OMAHA, Neb. (KMTV) — It's the worst inflation in nearly four decades with the high costs of gas, food and services up almost 9% from this time last year.
This economic news hits one group hard: seniors. One woman, 70-year-old Bonnie Gilbert, lost her husband Craig to COVID-19 last June.
"Now, what am I going to do? I know I have to keep working, so I drew my Social Security. Now, I'm not going to be able to retire. How am I going to retire with just social security?" Gilbert said.
Every day she "plugs away," working full-time in data processing. To pay the bills she stretches her paycheck wherever she can. She also organized a garage sale to earn a little extra money.
"It's hard, it's hard. Especially with Craig and now I have to take care of the house and the lawn, and I can't afford to pay anyone to do that. So, I have to do it myself, so I have to keep healthy and stay strong, so I can do it and still keep working," Gilbert said.
If prices keep increasing she might have to get a second job.
David John is the Senior Strategic Policy Advisor at the AARP Public Policy Institute. He says seniors have more to watch out for. Loans or credit card rates are likely to take a bigger bite of their budget.
"It's a matter of making do with a bit less. It's a matter of going to possibly work longer, getting another job or other some form of income in there. The other thing to think about going forward is if you have debt in retirement, the cost of that debt may go up because inflation rates usually mean interest rates go up too," John said.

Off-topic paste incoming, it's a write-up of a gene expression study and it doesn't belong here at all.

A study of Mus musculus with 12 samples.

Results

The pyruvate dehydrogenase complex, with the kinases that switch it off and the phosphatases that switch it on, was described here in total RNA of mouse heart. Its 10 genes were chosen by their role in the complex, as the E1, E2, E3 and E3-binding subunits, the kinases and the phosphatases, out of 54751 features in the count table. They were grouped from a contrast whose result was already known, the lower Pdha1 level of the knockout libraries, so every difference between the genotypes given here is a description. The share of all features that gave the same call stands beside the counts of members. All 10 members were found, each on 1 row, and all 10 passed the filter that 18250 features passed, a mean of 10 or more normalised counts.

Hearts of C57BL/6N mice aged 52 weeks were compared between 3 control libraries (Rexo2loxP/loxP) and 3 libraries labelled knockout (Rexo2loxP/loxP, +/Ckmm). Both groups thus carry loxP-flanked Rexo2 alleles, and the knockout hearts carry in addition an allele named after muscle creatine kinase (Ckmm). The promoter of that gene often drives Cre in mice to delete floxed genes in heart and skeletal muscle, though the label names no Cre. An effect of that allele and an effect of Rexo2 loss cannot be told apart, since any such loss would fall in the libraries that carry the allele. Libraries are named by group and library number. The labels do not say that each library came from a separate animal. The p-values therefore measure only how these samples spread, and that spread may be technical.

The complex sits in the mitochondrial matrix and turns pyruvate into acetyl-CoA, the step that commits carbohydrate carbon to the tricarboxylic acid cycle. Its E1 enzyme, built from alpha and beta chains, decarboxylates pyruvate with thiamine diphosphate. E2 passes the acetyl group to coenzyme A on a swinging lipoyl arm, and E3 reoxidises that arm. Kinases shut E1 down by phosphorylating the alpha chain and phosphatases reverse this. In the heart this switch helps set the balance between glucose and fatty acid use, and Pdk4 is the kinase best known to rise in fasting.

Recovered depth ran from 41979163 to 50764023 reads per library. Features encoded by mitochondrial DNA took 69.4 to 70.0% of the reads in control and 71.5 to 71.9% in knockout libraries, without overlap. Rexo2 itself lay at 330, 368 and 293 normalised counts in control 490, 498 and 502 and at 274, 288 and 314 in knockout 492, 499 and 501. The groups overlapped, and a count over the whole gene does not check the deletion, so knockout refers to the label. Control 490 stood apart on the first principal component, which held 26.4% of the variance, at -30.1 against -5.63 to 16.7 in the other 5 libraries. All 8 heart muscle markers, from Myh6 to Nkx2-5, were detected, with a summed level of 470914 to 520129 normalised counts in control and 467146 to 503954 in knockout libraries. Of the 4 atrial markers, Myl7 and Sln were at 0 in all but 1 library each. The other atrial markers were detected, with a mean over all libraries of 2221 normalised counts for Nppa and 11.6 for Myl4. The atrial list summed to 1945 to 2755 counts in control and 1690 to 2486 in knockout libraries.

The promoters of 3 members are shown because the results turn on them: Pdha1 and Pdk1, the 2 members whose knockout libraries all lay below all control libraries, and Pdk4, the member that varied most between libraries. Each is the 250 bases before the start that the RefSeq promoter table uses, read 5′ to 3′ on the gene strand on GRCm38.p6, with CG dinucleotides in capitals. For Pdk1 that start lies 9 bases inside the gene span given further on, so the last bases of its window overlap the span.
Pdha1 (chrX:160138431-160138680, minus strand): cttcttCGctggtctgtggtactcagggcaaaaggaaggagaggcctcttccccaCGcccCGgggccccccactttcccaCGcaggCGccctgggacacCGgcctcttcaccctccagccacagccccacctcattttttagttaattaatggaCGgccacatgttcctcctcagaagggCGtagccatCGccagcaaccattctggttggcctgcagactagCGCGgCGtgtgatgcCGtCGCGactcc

He advises that if you're about to retire you might consider working longer hours to maximize your Social Security income. You might want to also delay taking your Social Security benefits since they go up every year until you turn 70. Also, watch your investments.
"Continue to save, if you've been saving at a set amount already, don't stop. One of the big mistakes some people make is when the stock market fluctuates, they move into a safer investment and that sounds like a good thing, but what you're really doing is locking in your losses," John said.
Gilbert is just holding out hope.
"Things have to start getting better somewhere, it can't get worse, the worse it gets, the worse it gets for everybody," Gilbert said.
For those on Social Security, next year's cost of living increase will likely be close to 8%. That bump will start with checks in January.